While visiting the hospital at the Chengdu University of Traditional Chinese Medicine in 2005, it was interesting to witness the heavy use of blood invigorating herbs in cancer therapy along with chemo and/or radiation. It was interesting because 90% of cancer deaths are due to metastasis, in which cancer cells migrate and invade far-off tissues via vascular and lymphatic circulation (Weber, 2010).
I reconciled this apparent paradox—of invigorating blood while there is a risk of metastasis—by remembering that tumors are treated as a form of blood (and phlegm) stagnation in Chinese medicine. However, it was still not clear to me how to explain why the therapy worked.
I recently gained clarity while reading, Inflammation and the Seven Stochastic Events of Cancer. This is a very detailed and technical work on carcinogenesis (the formation of cancer). If you can navigate the technical jargon, I recommend this book. For it is nonetheless a fascinating aggregation of scientific cancer research.
Angiogenesis (formation of new blood vessels) and hemostasis (blood clotting) are consistently associated with cancer (Weber, 2010). Since angiogenesis is the process that tumors rely on to get nourishment for growth and survival, the successful use of blood invigorating herbs again triggers curiosity. At the same time, the application of such herbs seems obvious in regards to hemostasis.
Angiogenesis and the risk of metastasis seem to contraindicate the use of blood invigorating herbs in cancer treatment, but this is why such a notion is invalid:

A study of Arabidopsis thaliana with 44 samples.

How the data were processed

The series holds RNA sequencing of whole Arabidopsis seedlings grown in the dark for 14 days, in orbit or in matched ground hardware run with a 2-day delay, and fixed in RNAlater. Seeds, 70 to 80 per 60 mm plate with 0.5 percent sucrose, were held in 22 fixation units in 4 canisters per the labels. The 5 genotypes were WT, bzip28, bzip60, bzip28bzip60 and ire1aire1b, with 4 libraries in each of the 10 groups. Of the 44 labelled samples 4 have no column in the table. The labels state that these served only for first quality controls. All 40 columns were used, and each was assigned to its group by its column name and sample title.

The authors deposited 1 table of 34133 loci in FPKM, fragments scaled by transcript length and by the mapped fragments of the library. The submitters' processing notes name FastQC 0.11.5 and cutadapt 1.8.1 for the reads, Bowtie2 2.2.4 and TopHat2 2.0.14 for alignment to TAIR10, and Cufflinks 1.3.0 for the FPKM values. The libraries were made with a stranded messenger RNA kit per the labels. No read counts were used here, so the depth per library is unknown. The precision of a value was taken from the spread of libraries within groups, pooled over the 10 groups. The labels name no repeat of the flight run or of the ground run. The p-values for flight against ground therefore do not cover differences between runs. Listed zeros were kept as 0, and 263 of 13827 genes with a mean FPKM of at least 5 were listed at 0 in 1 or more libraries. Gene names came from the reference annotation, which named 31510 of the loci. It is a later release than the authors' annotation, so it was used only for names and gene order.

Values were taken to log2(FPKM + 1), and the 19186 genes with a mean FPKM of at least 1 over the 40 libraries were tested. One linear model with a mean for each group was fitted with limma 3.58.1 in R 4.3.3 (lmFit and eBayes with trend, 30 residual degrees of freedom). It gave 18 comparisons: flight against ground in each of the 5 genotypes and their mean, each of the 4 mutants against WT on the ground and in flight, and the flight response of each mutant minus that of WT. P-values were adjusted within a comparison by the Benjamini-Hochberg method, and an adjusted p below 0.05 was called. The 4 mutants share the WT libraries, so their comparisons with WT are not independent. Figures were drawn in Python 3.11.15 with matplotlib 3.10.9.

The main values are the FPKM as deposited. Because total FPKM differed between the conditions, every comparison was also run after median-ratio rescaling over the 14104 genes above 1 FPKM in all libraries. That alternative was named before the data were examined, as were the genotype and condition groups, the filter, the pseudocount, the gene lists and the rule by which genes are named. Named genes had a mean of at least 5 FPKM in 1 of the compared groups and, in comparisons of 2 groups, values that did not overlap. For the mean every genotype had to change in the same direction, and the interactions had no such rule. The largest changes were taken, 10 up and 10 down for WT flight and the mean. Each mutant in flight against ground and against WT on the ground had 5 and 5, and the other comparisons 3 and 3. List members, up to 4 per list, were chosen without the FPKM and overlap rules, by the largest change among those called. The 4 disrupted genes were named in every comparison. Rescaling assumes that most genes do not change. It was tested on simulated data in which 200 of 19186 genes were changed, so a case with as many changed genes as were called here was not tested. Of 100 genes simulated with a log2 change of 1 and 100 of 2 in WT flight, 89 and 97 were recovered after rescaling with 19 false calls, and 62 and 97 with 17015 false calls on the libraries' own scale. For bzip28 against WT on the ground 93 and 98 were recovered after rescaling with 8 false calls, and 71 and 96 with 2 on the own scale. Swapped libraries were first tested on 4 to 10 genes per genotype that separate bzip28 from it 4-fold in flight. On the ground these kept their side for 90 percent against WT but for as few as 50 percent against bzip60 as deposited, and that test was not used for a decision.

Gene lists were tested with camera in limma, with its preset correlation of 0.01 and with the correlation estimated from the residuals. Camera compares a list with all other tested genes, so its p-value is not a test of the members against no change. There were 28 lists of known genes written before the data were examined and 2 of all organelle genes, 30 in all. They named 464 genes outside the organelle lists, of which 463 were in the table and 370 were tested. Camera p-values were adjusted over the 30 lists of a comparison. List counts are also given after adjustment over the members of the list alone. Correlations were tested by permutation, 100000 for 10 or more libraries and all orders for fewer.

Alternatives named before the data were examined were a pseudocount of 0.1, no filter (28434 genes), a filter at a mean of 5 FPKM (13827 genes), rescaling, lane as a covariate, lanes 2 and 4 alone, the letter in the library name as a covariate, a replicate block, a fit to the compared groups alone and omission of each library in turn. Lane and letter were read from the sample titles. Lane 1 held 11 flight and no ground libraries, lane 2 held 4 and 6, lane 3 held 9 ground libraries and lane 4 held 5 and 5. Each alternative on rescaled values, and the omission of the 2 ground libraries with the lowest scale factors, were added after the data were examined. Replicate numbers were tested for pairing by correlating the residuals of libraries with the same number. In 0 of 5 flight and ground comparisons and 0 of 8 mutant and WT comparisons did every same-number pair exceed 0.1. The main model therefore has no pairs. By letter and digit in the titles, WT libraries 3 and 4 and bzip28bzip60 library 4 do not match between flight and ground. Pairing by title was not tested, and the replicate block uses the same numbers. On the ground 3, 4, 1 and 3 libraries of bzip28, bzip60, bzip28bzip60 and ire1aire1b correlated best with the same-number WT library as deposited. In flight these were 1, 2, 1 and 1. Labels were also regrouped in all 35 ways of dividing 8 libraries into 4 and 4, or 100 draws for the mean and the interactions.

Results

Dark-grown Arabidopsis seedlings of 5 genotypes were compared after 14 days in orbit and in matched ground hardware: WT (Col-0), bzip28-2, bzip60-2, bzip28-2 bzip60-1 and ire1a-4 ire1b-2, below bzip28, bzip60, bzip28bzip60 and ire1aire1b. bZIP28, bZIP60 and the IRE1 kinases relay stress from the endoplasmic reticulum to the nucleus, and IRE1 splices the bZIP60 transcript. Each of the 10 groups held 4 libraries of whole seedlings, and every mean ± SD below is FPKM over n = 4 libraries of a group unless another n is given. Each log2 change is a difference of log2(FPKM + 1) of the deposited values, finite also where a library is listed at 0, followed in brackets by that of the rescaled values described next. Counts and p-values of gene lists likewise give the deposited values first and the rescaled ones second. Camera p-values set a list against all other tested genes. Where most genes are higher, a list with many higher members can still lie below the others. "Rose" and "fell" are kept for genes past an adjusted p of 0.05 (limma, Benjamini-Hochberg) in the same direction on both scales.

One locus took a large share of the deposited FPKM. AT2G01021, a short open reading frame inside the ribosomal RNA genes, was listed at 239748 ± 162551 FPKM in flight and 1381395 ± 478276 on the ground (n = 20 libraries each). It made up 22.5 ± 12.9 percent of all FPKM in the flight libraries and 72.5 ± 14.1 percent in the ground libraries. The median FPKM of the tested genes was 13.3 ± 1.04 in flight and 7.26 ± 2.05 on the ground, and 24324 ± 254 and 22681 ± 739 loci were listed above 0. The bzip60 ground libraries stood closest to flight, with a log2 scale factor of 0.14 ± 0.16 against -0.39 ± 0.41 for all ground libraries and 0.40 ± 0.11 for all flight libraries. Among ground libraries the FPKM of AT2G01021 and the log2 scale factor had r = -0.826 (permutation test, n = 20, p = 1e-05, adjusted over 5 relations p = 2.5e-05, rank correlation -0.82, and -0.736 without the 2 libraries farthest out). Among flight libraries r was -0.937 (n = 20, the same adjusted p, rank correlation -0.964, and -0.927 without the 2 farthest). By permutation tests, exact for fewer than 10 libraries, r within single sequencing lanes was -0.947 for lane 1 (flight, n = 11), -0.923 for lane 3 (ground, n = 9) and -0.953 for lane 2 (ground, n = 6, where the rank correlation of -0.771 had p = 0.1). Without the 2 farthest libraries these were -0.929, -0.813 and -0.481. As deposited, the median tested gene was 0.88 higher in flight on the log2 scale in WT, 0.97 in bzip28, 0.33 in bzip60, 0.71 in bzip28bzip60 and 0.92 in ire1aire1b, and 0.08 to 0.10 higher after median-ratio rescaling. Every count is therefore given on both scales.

Angiogenesis is the formation of new blood vessels to feed a tumor. As a treatment principle, invigorating blood should not promote angiogenesis unless it is shown that the herbs used also promote vascular endothelial (blood vessel tissue) growth. A study suggests that the vasculature in the vicinity of a tumor has been shown to be highly permeable (Wojtukiewicz, 2001), such that the blood invigorating effect on local blood vessels can be considered negligible.
Rather, invigorating blood may inhibit angiogenesis by preventing local blood coagulation (clotting). Wojtukiewicz et al. (2001) states that tumor angiogenesis is strongly linked to key regulators of coagulation: tissue factor (TF), thrombin and fibrinogen—all of which are expressed or activated in several tumor types. The article references other studies that showed that thrombin directly promotes angiogenesis in vivo.
Metastasis is the spread of cancer cells to areas located away from the primary tumor site. This is achieved via circulation within the lymphatic and blood vessels. There may be a concern that invigorating blood circulation will aid the spread of cancer cells. However, Weber (2010) states that almost all migrating cancer cells are killed by the body’s immune system. So, in metastasis, the concern should be on immune status more than systemic blood circulation.
Two major blood invigorating herbs used in Chinese medicine for cancer are San Leng (bur-reed rhizome) and E Zhu (zedoary rhizome), which have been shown to inhibit certain granulomas and benefit cervical cancer (Bensky, 1993).
This post only addresses the use of blood invigorating herbs in the treatment of cancer. Clinically, Chinese medicine cancer treatment is most often an integrative approach, employing chemo- and/or radiation therapy along with other herb categories (e.g. herbs that strengthen digestion, boost immunity, and enhance adaptation to stress), as well as acupuncture.
Bensky, Dan, Andrew Gamble, and Ted J. Kaptchuk. Chinese herbal medicine: materia medica. Rev. ed. Seattle, Wash.: Eastland Press, 1993. Print.
Weber, Daniel. Inflammation and the seven stochastic events of cancer. Alexandria, N.S.W.: Panaxea Pub., 2010. Print.
Wojtukiewicz, Marek Z., Ewa Sierko, Petr Klement, and Janusz Rak. “The hemostatic system and angiogenesis in malignancy.” Neoplasia 3.5 (2001): 371-384. Pubmed. Web. 8 Sept. 2013.